Diarrhea – we have all experienced it, and it isn’t fun for anyone – adults, children or babies.
Most people think diarrhea is just watery stools, but it is actually diagnosed on the volume, or number of times, an individual poops during the day.
More than six stools per day qualifies as diarrhea, typically caused by one of the following: Virus, bacteria, mass consumption of fruit or fruit juices, and drinking liquids while not eating enough solid food.
Understanding diarrhea and how it happens is important. Infections affect the stomach and small intestine. An infection in the stomach causes a person to vomit, while an infection in the small intestine causes diarrhea.
When the body absorbs fluid, that happens in the small intestine. When an infection has irritated the lining of the intestine, the fluid does not get absorbed the way it should, which leads to diarrhea.
Most often, diarrhea is caused by a virus, which typically lasts three to five days. That length of time is how long it takes for the small intestine to rebuild that lining that was infected by the virus.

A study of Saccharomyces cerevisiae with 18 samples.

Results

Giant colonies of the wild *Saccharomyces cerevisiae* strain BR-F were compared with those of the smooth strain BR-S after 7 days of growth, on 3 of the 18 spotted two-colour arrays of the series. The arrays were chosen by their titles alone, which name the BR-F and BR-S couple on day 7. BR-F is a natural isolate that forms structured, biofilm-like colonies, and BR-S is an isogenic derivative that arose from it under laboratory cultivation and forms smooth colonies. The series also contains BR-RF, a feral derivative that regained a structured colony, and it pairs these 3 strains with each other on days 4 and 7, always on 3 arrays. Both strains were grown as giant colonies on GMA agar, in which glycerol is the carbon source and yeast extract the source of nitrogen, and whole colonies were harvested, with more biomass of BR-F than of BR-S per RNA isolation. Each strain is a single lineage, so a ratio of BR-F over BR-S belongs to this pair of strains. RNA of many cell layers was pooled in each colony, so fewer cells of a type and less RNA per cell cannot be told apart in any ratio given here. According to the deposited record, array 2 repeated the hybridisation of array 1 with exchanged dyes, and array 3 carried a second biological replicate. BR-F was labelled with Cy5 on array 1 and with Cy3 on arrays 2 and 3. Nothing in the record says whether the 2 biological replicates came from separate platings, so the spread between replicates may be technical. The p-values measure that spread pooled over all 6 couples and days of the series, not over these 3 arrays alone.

For babies and children, the best advice to treat diarrhea is give fluids as often as you can.
If the baby is eating solid foods, offer foods that are slow to digest:
- Peanut butter (if the child is old enough).
If the child is still in diapers, begin coating his or her bottom with diaper cream at each diaper change. The thick layer of cream will serve as a barrier between the stool and the skin and will hopefully prevent a diaper rash.
Typically, diarrhea is irritating but not life-threatening, however, there are two signs to look for to determine if a case of diarrhea needs to be discussed with a physician:
- Red or black stools – this means there is blood in the stool and can indicate a much more serious bacterial problem, like salmonella or shigella.
- More than 20 stools a day – this excessive amount of diarrhea will likely result in dehydration.
The most important thing to always watch for in a baby or child with diarrhea is dehydration.
Here are a few signs of dehydration:
- Dry mouth
- Wrinkly lips
- Scarce urination
All of these dehydration symptoms should be taken seriously and could require IV fluids. If your child experiences any of these, contact your pediatrician.